Are you a cat or a dog person?
Being surrounded by our favourite furry friends is perhaps one of the biggest benefits of working remotely. Pets have become a source of comfort amid pandemic anxieties – leaving some employees worried about leaving them behind as offices reopen.
Research from MetLife revealed that 95% of pet parents are concerned about a negative impact on their pet's health if they’re asked to return to their offices. The survey showed that 26% of employees are afraid of disrupting their pets' routines, 24% are concerned about making them anxious, while 23% are wary of interrupting their eating routine.
At 38%, the most popular solution given by employees is additional workplace support – such as pet sitters or day cares. Some 29% are thinking of adjusting their work hours, while 23% are mulling taking a pay cut to continue working remotely. For 20% of workers, however, they’re considering giving their pets back to a shelter or rehoming them.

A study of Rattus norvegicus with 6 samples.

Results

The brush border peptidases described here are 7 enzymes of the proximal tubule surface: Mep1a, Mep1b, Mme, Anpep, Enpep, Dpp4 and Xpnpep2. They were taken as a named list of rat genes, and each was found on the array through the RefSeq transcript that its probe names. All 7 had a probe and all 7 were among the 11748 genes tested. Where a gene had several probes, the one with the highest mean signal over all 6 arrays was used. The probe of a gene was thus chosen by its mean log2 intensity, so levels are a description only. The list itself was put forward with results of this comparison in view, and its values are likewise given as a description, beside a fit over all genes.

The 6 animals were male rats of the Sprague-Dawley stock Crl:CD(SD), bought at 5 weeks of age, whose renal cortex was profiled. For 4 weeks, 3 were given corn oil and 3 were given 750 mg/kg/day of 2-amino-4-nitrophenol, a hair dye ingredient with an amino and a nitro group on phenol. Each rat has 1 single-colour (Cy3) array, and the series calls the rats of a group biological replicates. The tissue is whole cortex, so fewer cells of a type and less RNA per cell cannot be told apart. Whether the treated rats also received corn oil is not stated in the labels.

A separate study from recruitment firm people2people - as reported by The Daily Telegraph - showed that almost three of out of four employees want to see a dog in their office. Making workplaces more pet-friendly could help HR leaders encourage their staff to head back to work. Pets could further bring comfort to an office amid increasing concerns on employees' mental health – with the presence of dogs in an office being linked to higher morale.
To make offices more pet-friendly, people2people suggested a couple of small changes. First is to have a doggy treat jar to avoid excessive feeding of pets. Second is to make water more accessible to work pets, with bowls regularly cleaned and away from sunlight to stay cool. Another tip is to give pets a comfortable and accessible spot where they can relax – away from the loudness of an office. It’s important to ensure that employees are not the only ones feeling relaxed and comforted, but also the furry friends they brought with them.